Summit County is a place that is just as active artistically as it is athletically, which means there are myriad options for visitors and residents alike to choose from when it comes to exercising their brains.
Fall for the Arts is an event with the ambitious goal of bringing together many of the artistic and historical aspects that the county has to offer and making them as accessible and discoverable as possible.
This is the third year of the event, which was started in 2010 by arts enthusiast Sandy Greenhut. This year, Margie Sinton is taking the helm and she’s excited to see it all come together.
“It’s a little bit of everybody,” she said of the event, which draws on art, music, theater, history and more.
The musical aspect ranges across all genres, meaning there will be something for everyone.
For fans of classical music, the local nonprofit Summit Public Radio and TV is presenting a free concert by the Sagebrush Strings — Summit County’s youngest, all-local string quartet. The ensemble features two violins, a viola and a cello. They will play the Hunt Quartet by Mozart and the Second Quartet by Alexander Borodin, which those who have seen the Broadway musical “Kismet” may recognize. The concert is free and will take place at the Lord of the Mountains Church on Sunday.
More music for Fall for the Arts can be enjoyed, from the National Repertory Orchestra to the stylings of local musicians such as John Truscelli and DooWop Denny. Kids can have their fun, as well, with the summer camp students of the Summit County Orchestra having the chance to show off their newly acquired musical skills at the Frisco Historic Park.
Those who have been yearning to learn a new dance move or two will get the opportunity to learn for free from the Summit School of Dance. Other dance opportunities include the Timberline Topper Square Dance in Frisco on Saturday.
Theater and film
Fall for the Arts also provides a glimpse into the backstage world of the theater, with a panel discussion at Lake Dillon Theatre. The discussion will revolve around the Lake Dillon Theatre Company’s production of “The Owl and the Pussycat,” as well as offer insight into all the behind-the-scenes aspects of putting together a stage production.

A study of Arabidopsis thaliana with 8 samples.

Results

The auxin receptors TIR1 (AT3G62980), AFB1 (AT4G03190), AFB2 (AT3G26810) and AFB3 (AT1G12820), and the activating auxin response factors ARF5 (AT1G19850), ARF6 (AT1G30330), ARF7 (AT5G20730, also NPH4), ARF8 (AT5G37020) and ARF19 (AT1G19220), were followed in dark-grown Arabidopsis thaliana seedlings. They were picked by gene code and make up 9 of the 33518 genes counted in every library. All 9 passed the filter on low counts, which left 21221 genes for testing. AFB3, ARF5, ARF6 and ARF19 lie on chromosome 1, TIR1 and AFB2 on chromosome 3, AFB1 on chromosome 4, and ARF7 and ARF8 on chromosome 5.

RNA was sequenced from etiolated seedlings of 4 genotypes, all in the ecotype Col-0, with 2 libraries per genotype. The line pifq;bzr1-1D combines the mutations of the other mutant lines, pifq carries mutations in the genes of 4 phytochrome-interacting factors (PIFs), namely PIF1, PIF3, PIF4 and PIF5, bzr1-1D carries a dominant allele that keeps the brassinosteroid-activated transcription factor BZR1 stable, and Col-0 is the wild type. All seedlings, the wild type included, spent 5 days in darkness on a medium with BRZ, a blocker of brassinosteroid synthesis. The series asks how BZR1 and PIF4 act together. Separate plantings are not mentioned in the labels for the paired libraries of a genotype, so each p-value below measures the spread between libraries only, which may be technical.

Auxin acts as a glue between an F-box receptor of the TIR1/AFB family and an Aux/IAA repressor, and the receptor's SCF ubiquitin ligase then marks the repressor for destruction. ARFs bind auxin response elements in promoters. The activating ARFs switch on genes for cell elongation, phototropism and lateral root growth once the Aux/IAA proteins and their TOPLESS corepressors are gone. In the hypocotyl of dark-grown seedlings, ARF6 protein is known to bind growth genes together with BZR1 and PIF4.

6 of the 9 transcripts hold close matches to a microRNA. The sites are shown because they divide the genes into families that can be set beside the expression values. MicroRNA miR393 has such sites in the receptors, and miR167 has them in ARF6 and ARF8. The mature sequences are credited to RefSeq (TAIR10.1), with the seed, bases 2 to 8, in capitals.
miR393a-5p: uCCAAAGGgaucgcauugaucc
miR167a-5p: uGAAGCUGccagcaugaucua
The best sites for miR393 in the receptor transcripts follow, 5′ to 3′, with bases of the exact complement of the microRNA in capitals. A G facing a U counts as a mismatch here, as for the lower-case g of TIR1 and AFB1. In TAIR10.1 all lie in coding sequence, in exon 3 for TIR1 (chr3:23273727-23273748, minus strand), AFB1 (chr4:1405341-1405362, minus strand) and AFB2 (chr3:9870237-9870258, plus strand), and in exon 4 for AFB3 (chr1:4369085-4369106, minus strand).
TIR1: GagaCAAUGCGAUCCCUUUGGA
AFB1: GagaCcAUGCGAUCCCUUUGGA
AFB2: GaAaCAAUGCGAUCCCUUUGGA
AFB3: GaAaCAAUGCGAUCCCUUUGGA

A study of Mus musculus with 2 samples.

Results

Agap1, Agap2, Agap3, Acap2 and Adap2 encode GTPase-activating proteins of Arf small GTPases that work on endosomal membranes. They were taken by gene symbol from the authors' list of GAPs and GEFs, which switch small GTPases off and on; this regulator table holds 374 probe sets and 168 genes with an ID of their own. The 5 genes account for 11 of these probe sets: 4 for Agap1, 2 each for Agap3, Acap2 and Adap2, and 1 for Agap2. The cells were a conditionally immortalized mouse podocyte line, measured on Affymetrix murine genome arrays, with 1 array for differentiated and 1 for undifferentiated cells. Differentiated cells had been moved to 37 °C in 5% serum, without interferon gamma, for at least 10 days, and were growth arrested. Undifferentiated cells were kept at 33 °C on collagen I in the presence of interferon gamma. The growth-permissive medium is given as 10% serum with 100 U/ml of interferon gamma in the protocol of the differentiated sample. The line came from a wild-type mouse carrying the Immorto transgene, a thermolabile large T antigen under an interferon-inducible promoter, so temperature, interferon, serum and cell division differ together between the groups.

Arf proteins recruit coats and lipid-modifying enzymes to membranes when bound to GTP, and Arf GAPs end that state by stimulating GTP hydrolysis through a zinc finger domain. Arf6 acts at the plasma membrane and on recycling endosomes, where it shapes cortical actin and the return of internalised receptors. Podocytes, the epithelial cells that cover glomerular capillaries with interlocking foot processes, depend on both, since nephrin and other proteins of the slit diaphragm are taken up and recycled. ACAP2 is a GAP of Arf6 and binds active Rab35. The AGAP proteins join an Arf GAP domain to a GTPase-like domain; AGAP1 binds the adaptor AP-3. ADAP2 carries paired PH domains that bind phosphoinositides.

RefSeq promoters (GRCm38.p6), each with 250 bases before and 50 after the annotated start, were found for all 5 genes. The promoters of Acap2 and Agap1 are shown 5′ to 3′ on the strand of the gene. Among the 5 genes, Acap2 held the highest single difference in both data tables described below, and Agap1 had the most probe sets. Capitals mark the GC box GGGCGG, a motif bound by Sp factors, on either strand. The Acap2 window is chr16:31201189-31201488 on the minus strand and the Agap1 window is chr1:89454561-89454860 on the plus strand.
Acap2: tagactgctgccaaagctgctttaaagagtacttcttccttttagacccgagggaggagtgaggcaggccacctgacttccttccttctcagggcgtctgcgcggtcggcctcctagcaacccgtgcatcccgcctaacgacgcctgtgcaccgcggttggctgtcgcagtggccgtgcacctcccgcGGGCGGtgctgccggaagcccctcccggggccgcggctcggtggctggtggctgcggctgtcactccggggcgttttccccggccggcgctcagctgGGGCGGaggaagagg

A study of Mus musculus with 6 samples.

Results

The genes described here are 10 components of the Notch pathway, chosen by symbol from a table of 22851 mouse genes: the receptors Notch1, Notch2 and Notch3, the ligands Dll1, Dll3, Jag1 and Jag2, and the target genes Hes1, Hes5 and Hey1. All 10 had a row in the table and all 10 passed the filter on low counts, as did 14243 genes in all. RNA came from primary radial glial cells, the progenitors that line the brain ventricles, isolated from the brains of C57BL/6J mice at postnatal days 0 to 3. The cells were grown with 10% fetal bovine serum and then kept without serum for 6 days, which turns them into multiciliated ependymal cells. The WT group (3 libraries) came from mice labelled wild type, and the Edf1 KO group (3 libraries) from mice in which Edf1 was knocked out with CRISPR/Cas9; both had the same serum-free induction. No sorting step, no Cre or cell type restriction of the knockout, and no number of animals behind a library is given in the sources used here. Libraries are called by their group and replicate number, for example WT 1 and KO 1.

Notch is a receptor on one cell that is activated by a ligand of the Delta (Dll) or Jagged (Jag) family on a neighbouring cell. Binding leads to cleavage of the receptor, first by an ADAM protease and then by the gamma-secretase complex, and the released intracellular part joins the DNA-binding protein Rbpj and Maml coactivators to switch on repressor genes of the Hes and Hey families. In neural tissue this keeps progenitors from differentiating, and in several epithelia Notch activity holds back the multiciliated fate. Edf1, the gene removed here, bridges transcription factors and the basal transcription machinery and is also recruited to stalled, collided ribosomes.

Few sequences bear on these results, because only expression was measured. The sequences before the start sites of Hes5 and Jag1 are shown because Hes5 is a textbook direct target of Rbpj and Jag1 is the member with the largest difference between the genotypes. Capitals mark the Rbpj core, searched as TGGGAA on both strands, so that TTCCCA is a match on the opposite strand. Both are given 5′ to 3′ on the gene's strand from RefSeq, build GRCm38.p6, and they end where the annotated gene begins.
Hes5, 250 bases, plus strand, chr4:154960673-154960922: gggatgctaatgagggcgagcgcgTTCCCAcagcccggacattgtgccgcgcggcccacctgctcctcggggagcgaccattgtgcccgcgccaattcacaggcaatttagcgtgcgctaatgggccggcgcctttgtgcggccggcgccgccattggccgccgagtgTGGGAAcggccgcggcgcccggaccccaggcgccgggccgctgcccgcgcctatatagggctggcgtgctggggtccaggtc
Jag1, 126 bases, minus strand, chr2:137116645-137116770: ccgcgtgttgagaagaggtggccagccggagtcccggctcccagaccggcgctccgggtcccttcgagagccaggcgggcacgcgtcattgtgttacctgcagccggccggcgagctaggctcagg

The Backstage Theatre in Breckenridge will present a free viewing of Charlie Chaplin’s silent film “Gold Rush.” The film comes at the start of Backstage Theatre’s upcoming film series featuring classics of the medium, including works by Chaplin, Buster Keaton, Harold Lloyd, Gloria Swanson and Rudolph Valentino, among others.
“The Gold Rush” was chosen for the Fall for the Arts weekend because, in addition to being a classic, it resonates with the mining history of the area.
Art enthusiasts will have the opportunity to discuss their passion at the Summit County Arts Council’s Meet the Artist series, featuring around 30 different artists. Throughout the weekend, artists will be present at the Frisco Historic Park to answer questions and show off their work. Many of the artists are locals, with a handful of others coming in from neighboring regions and the Front Range.
The event is also highlighting the various cost-free historical options in Summit County, including information found at the Frisco Historic Park, as well as four historic locations in Breckenridge — the Barney Ford Museum, the Edwin Carter Discovery Center, the High Line Railroad Park and the Summit Ski Exhibit.
“I think it really exposes how culture and history have gone hand-in-hand,” said Cindy Hintgen, operations manager of the Breckenridge Heritage Alliance, about the Fall for the Arts event. “In the days before the Internet and phone and TV, this is how people would get together for their social gatherings, at concerts or get together for parties where they would play games. If you look at the paper from 100 years ago, it talks about them doing that, and this is a way for us to repeat that.”
History buffs are also encouraged to visit the Dillon Schoolhouse Museum, which contains many photos and relics related to Summit County’s past.
Those interested in colorful characters and lively stories will enjoy the “Gold Rush Saints & Sinners” presentation by local historian and author Mary Ellen Gilliland. Calling on the research and firsthand accounts of old-timers recorded in her book “Rascals, Scoundrels and No Goods,” Gilliland will regale the audience with stories of clever and mischievous characters from Summit County’s past, including the roguish “Gassy” Thompson and May Nicholson, “the most colorful madam of old-town Breckenridge.” Gilliland’s talk will take place Friday at 4 p.m. at the Blue Spruce Inn in Frisco.
The entire Fall for the Arts weekend is full of various musical, artistic, theatrical and historic events, locations and activities. The event also coincides with other local events, such as the town of Frisco’s Fall Fest, held Saturday. It features food and art booths, face painting, a climb up Mount Royal and TimberTina’s LumberJjill show, to name a few.
Sinton hopes that Fall for the Arts not only draws in visitors but that it acquaints residents and locals with organizations and activities that they may not have realized are right underneath their noses.
“It’s just to show you that there’s more to Summit County than ski areas. Although we love our ski areas, there’s more than skiing,” she said.
“It’s just to show you that there’s more to Summit County than ski areas. Although we love our ski areas, there’s more than skiing.”